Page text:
Even if you live on a remote island in the Indonesian archipelago, it would be hard to avoid the world’s plastic problem. In fact during a recent ocean clean-up, residents of Bali were removing 100 tonnes of plastic from beaches each day – so what was in my mind the tropical idyll, turns out to be the second biggest consumer/polluter of plastic in the world, after China.
Here in the UK, plastic is near the top of the environmental agenda. David Attenborough highlighted the crisis in his awe-inspiring Blue Planet II series. His most thought-provoking moment, was seeing a baby albatross lying dead, its stomach pierced by a plastic toothpick fed to it by its own mother, having mistaken it for healthy food. A small tragedy, which highlights the bigger one we have all become aware of in recent years. It takes 450 years or so to break down a plastic bottle and because we use so much of it – it is ruining our planet. Future archaeologists will be able to date this era in hundreds of years, from the sheer amount of plastic in the ground.
Environment Secretary Michael Gove, who is so far proving more radically pro-environmental then anyone expected – is understood to be considering introducing refundable deposits on plastic drinks bottles, encouraging retailers to use fewer types of plastic, as well as a standardised recycling policy for councils. For example, there are two dumps close to me, one takes plastic, the other doesn’t.
Like with booze, I was always aware I should cut down on my plastic consumption. But jeez, it was tricky and I have only recently got bang on it. It is, inadvertently, humungous. For example, I ordered some dog food from Amazon before Christmas and in a box that could have housed a desktop computer was a tiny bag (plastic obviously) of dog food surrounded by loads of inflated, unrecyclable plastic. Amazon says it is doing more to recycle, but that obviously hasn’t filtered down to warehouse staff. Other supermarkets and food manufacturers are upping their game. Following the 5p per supermarket bag levy, the government has realised when it comes to carrot or stick for waste reduction, stick works, and are now thinking of introducing a 25p charge on coffee cups (although these are most often or not paper, they have a plastic lining, which is hard to separate and thus recycle). According to an environmental audit committee report, in the UK 2.5bn disposable cups are thrown away each year, of which less than 0.25% are recycled.
I bought a Quavers multipack recently (a throwback to the 80s, but my daughter’s favourite crisp) and they had reduced the amount of plastic in the outer wrapping by about 40%. This meant a tight and snug packet instead of the large, billowing one which presumably made customers think they were getting more crisp for their quid. Whilst I applaud their effort, what took them so long?
Some of my favourite things are plastic. My computer for example. The mascara I use every morning. The Suckie yogurts my 9yo adores, which despite their cool branding don’t seem to be recyclable in the least.
But I have managed to cut back on…
Plastic water bottles
I manage this about half the time. I am trying to make leaving the house without a reusable bottle, as ridiculous as leaving the house without my phone, wallet or keys. I need to find a good reusable water bottle…. one that isn’t plastic for that matter. My kids ones regularly break and therefore often need replacing. I am sure there must be a better alternative. I am all ears.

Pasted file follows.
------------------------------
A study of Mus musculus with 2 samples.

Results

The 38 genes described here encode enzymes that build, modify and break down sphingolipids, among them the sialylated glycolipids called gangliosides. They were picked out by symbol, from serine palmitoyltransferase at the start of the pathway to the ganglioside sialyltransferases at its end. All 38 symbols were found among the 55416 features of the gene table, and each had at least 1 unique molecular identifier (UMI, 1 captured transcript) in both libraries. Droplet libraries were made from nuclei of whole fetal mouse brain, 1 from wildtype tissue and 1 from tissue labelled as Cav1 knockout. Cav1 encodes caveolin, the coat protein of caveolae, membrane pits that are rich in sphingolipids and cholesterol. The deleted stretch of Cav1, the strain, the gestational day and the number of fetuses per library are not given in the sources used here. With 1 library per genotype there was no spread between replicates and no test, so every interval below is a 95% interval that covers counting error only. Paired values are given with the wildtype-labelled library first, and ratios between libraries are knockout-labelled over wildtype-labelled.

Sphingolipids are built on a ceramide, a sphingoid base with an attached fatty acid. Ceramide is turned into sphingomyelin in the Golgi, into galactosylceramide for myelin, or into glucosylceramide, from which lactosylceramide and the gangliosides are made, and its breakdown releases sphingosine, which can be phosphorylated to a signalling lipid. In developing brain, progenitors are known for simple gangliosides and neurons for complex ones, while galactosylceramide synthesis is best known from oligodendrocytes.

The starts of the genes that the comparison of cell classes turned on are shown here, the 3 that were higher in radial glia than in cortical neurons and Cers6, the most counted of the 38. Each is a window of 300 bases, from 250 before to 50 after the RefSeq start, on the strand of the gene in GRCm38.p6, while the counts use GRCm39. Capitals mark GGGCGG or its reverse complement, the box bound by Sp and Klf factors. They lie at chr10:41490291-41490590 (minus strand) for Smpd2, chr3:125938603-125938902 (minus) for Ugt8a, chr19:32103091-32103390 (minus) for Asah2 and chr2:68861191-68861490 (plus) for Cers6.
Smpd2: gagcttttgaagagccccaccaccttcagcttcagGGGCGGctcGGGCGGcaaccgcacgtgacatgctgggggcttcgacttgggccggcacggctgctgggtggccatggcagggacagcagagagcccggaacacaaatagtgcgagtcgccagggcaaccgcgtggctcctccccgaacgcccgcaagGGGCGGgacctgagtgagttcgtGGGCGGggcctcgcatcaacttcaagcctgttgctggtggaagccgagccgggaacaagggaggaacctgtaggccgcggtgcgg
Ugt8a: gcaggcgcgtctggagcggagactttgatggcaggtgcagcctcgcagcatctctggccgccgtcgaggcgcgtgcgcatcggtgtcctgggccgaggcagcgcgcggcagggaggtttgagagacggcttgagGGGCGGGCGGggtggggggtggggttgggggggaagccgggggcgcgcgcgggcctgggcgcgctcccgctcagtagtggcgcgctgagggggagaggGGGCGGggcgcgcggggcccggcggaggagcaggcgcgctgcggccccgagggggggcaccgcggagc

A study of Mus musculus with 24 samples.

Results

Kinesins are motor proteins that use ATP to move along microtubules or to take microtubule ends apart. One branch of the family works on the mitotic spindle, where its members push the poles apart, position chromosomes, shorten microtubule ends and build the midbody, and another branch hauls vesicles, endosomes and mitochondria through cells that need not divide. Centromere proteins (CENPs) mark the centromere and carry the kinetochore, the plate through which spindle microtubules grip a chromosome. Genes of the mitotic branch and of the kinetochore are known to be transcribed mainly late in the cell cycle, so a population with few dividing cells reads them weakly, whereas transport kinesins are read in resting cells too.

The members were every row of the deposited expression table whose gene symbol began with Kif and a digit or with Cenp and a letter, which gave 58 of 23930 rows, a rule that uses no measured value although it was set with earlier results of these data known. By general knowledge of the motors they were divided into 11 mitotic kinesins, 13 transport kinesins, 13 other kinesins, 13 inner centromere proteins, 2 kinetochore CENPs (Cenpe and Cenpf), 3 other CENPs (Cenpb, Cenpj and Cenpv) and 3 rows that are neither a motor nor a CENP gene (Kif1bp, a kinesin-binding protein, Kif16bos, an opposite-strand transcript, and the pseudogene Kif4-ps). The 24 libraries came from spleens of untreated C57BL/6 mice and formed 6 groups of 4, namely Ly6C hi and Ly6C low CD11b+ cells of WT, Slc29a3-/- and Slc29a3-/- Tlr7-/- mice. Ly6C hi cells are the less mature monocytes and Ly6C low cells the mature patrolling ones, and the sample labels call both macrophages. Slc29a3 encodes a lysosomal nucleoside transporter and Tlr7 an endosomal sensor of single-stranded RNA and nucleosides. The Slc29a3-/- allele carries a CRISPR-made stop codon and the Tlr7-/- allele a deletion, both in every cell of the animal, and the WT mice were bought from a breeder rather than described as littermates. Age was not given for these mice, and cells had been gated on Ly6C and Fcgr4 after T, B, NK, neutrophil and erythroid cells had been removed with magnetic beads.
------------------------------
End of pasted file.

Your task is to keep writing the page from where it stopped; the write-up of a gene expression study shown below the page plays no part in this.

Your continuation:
I bought this bamboo one yesterday. It lives in my handbag. Although I forgot to wash it before road-testing my first cup, which tasted of rubber…. hopefully this was teething trouble.
I have swapped to bars of soap instead of bottled soap and shower gels. It is such an easy switch, that leaves me feeling virtuous. I have bought – but not tried – a shampoo bar – which looks just like soap but feels a little lentil-munchingly* radical still, and I would love to find a mainstream alternative, so if you have any recommendations please let me know. *I love lentils, but you get what I mean.
OK, so I know a soda stream is made from plastic, but if I buy one to make fizzy water, it will save me from buying those giant 2l plastic bottles. The other option is to buy fizzy water in glass bottles. Glass is recyclable. It is made from sand and can therefore be ground down back into sand again and absorbed back into the environment.
I no longer buy plastic cartons of milk, but get bottles delivered to my door from milkandmore (owned by a big dairy, but I have yet to find any organic or more sustainable alternatives). It means my recycling box is no longer full after just one day and I love waking up to a pint of silver top on the doorstep.
With straws, we have ditched plastic for paper, and now think twice before taking plastic cutlery for takeaway food. Plastic toothbrushes don’t breakdown either, so I guess it is a good prompt to move to electric ones, as the disposable heads use less plastic.
So that is what I am doing so far…. Any ideas what else we can do?
PS Whilst I am here, Claire wrote a while back about the “Who Gives a Crap” loo roll which is beautifully and wittily branded (my children, now see wiping bums as an act of subversion) and available to buy in bulk. It is made entirely from recycled paper, bamboo or sugar cane and 40% of profits go to building loos for people who don’t have them. I order 36 rolls at a time and store it in the cellar – making it is just as good value as big brand names.